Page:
Ireland: Ferry workers protest Haiti: UN complicit in deaths Indonesia: U.S. military aid hit New Zealand: Starbucks strike Liberia: Firestone sued
The Bush administration and the Iraqi government are once more on the receiving end of international outrage following the discovery of a torture dungeon linked to the U.S.-backed Iraqi government, and the admission that American soldiers used the deadly chemical white phosphorous in its assault on Fallujah nearly a year ago, something the Bush administration had repeatedly denied.
Emile Schepers responds to reader letter on his earlier story, “Virginia gubernatorial race heats up.”
On Sept. 23 thousands of Puerto Ricans went to the town of Lares to commemorate the 137th anniversary of the revolutionary uprising against Spanish colonialism. These protesters also demanded the end of today’s U.S. colonial domination of this Latin American island nation — Puerto Rico.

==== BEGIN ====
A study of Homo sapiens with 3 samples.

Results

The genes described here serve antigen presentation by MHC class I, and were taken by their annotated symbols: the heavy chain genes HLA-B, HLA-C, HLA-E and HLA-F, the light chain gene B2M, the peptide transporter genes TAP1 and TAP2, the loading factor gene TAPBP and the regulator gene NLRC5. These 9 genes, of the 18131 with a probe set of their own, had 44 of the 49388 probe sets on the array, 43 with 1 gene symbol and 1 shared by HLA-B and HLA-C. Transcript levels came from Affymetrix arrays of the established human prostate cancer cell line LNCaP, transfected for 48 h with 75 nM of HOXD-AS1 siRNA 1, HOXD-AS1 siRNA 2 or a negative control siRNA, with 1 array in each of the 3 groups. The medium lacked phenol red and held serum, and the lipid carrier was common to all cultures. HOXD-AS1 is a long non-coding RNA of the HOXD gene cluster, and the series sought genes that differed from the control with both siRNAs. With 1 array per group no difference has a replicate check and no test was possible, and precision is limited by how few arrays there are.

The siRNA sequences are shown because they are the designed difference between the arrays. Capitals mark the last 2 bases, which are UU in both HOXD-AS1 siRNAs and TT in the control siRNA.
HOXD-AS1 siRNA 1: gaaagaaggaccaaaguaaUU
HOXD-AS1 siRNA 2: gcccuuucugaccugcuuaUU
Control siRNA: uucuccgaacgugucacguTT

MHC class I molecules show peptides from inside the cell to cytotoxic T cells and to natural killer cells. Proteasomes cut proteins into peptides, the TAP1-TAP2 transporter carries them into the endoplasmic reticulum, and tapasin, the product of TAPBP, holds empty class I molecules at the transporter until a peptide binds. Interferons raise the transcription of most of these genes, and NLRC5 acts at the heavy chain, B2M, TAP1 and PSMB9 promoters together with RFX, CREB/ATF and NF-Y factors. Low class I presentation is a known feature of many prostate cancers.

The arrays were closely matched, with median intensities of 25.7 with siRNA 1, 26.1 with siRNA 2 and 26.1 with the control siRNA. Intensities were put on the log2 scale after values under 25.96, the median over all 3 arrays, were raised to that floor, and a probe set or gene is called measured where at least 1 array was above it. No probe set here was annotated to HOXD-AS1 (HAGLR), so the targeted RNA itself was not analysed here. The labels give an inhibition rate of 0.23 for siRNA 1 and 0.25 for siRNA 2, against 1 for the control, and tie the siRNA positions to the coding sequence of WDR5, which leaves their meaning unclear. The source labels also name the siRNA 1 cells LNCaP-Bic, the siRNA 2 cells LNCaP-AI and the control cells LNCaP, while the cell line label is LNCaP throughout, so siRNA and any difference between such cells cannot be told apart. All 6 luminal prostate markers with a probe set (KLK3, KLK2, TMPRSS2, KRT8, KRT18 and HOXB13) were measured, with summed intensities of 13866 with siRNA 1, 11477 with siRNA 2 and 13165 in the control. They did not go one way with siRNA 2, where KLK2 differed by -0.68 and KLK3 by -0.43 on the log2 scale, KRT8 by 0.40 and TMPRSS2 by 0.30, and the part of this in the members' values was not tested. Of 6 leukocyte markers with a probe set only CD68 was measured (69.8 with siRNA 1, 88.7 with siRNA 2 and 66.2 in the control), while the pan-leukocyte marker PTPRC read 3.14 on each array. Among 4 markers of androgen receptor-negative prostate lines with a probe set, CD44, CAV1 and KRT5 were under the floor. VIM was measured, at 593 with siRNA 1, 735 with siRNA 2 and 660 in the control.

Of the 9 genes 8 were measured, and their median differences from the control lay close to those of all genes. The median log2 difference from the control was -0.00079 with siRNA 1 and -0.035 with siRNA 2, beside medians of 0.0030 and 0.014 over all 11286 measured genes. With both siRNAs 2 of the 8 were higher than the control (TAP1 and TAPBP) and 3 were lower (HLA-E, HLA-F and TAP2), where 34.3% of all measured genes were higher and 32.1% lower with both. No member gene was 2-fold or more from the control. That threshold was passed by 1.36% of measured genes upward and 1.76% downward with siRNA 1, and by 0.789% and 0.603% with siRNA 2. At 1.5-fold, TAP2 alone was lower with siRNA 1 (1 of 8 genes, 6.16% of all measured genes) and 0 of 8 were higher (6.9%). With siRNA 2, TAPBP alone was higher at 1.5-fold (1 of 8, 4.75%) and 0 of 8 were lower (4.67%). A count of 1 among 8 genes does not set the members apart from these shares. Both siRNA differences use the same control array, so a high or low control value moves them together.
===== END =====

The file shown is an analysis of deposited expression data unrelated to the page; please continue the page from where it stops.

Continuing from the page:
On Feb. 15, 2003, 11 million people around the world marched and rallied against Bush’s plans to unleash a pre-emptive, unilateral war. This huge outpouring was described as “the second global superpower.”
President rips Hussein for distracting federal government Just two days after taking responsibility for failures of the federal government’s response in the aftermath of Hurricane Katrina, President George W. Bush modified that position somewhat, telling reporters that former Iraqi dictator Saddam Hussein “should share at least some of the blame” for those failures.
Canada: Wal-Mart workers gain China: University launches gay studies course Nigeria: Protest fuel price hikes Germany: Left gains in elections
Luciano Enrique Romero Molina, a Colombian trade union leader and father of four, was found dead on Sept. 11 in his home city of Valledupar. His hands were tied behind his back. He had 40 stab wounds and extensive bruising, suggesting he had been tortured.
Nineteen months ago, 36 municipalities in the Mexican state of Michoacan embarked upon a literacy campaign. Thousands graduated Sept. 12 — four days after International Literacy Day — in the capital city Morelia. In all, some 40,000 people can now read and write who couldn’t do so before.